Authenticity is hard to find these days in terms of American cuisine. For much ethnic cuisine in America, the battle between authenticity and appropriation rings loud against mainstream misconceptions.
Recently, corporate mascots like Aunt Jemima and Uncle Ben have been ousted due to their heavily racist connotations. These racial disparities carry over to many numerous cultures celebrated in this country. Due to the COVID-19 pandemic, the perception of Chinatown and Chinese cuisine has been swiftly criticized and stigmatized by mainstream media.
For Chinatown restaurants once booming with customers and fully booked tables, many of them are now facing the repercussions of false claims that the transmission of COVID-19 can be linked to Chinese cuisine and Chinatowns across the country. Despite many public health professionals and epidemiologists refuting these contrived and racists claims, the hit on restaurants in Chinatown has been sealed.
New Saigon Sandwich, a once-popular lunch spot for banh mi sandwiches in Boston’s Chinatown, had to permanently close its doors after 16 years of service. While there were speculations that the business owners closed their shop in pursuit of retirement, their daughter Kristina Phu, explains that the restaurant fell victim to the misconceptions of COVID-19 to Chinese cuisine.
Phu told Boston.com that New Saigon Sandwich closed, “due to the initial racial response to COVID-19 early on, the business suffered tremendously.” With the rising cost of supplies and groceries combined with the overhead costs, the Phu family could not keep up with the costs, especially with a decline in take-out from their Chinatown sandwich shop. She continued, “If COVID-19 was not a factor, I’m sure they would still be open.”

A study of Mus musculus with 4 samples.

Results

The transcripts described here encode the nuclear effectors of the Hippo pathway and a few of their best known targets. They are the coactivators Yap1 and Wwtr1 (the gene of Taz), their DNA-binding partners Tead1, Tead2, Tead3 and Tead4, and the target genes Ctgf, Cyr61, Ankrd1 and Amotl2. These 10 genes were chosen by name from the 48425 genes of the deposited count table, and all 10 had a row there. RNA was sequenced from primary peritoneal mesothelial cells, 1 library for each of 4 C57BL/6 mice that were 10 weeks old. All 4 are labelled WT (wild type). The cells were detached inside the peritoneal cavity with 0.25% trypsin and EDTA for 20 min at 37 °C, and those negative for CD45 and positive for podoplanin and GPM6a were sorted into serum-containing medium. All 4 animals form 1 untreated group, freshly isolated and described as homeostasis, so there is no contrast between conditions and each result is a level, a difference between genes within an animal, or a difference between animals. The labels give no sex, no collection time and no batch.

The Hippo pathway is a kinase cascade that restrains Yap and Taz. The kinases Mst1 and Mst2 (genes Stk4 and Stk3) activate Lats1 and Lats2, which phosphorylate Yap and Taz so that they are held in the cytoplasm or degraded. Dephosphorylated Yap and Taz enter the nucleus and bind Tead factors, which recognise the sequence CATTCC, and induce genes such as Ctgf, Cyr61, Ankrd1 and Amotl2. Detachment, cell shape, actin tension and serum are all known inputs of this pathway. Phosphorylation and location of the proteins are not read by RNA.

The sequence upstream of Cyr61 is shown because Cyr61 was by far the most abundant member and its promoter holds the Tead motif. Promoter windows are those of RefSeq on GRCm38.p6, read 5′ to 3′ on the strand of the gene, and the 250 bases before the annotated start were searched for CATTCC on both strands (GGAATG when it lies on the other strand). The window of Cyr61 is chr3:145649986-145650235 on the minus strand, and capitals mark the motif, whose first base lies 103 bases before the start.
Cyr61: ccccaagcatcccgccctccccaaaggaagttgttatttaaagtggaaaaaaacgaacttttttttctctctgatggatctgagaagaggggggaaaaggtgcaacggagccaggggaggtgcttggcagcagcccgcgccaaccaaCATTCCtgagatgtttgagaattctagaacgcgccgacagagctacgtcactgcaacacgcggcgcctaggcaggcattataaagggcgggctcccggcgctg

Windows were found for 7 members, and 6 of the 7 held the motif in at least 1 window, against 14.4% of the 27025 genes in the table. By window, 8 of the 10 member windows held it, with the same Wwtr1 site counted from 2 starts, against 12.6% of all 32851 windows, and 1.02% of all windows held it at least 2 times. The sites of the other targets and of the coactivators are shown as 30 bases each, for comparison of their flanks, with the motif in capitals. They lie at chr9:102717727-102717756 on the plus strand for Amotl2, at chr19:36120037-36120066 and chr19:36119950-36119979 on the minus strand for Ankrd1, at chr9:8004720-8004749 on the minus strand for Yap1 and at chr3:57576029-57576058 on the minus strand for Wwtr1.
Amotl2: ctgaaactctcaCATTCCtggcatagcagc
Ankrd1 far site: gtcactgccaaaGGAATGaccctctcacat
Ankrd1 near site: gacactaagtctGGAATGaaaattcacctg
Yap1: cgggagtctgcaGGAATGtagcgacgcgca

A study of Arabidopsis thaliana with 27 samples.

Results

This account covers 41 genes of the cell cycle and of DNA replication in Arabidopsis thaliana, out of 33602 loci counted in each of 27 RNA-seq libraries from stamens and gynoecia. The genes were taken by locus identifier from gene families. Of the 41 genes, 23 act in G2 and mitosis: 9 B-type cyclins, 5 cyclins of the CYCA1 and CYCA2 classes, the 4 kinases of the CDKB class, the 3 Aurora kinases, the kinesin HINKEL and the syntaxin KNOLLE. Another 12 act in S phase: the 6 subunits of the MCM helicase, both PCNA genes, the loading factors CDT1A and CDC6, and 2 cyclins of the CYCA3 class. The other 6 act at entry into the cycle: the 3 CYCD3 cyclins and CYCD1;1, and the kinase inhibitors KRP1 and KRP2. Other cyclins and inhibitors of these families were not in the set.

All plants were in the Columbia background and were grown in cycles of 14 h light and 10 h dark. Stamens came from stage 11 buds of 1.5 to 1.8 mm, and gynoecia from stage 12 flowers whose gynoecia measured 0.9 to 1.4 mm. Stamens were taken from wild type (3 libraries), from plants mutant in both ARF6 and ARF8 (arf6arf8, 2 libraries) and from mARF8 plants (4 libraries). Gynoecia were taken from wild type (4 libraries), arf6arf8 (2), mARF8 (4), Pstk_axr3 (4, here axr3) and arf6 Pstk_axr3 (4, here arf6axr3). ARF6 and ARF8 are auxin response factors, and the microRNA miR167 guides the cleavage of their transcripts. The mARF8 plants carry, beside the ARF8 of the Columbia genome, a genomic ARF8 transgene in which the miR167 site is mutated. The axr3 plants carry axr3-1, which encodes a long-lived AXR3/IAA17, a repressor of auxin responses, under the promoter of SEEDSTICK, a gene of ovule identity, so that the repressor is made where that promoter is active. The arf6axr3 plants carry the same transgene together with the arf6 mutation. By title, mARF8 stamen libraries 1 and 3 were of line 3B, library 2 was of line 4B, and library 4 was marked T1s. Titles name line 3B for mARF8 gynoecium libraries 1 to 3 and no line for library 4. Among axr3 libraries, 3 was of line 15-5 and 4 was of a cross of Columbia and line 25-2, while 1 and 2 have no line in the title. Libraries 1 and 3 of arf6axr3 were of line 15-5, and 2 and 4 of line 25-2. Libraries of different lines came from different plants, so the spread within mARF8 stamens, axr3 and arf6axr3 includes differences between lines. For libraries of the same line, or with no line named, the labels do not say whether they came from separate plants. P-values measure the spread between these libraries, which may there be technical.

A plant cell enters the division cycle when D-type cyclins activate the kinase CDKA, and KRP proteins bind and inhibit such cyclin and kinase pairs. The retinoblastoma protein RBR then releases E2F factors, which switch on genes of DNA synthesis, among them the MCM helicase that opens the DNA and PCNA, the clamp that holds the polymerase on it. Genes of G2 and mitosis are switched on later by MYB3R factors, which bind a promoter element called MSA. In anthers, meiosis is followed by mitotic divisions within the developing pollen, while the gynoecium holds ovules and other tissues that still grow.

While Chinese cuisine continues to be persecuted with misconceptions of health concerns and fake ingredients, there are people dispelling this bad reputation. Ruby Chan, founder and CEO of FreshZen Foods is at the frontline in presenting the true essence of Asian cuisine: authentic, fresh, and healthy. New York native Chan grew up in Chinatown, NYC where her parents owned a restaurant.
Unlike the salty stir-fry kits and frozen bags of P.F Chang’s, loaded with sugar and thick sauces, found in the international/ethnic aisle of most Target and Walmart stores, Chan offers home cooks her “Asian pesto” filled with fresh and authentic ingredients in every jar. With fresh, simple, and easy-to-pronounce ingredients like garlic, ginger, scallion, rice wine vinegar, FreshZen offers healing to its customers while opening their taste palettes to a true Chinese taste and new recipes.
Now, Chan hopes to share her family’s healthy and ‘food as medicine’ traditions and display Chinese cuisine to the world, just as she grew up experiencing the freshest ingredients herself. Chan’s sauces have been well-loved by her customers. Chan recently started selling the sauces online, as well as in over 31 Whole Foods across New England.
Tong, as we the Cantonese would call broth, is just as essential to any dining table as rice. Usually composed of a protein (chicken, pork, beef, or fish) combined with vegetables, seeds, and medicinal herbs, Tong is served at the beginning of the meal and consumed throughout mealtime as a beverage.
In fact, many microbes carry essential roles in our bodily functions, such as breaking down the food we eat, working alongside our immune system, providing nutrients for other cells in the body, and regulating metabolism. What’s more, our gut microbiome is able to change its composition based on what food we eat. You’ve probably heard those beneficial probiotics in yogurt a thousand times, but what if I tell you those magical microbes are present in many popular Asian foods as well?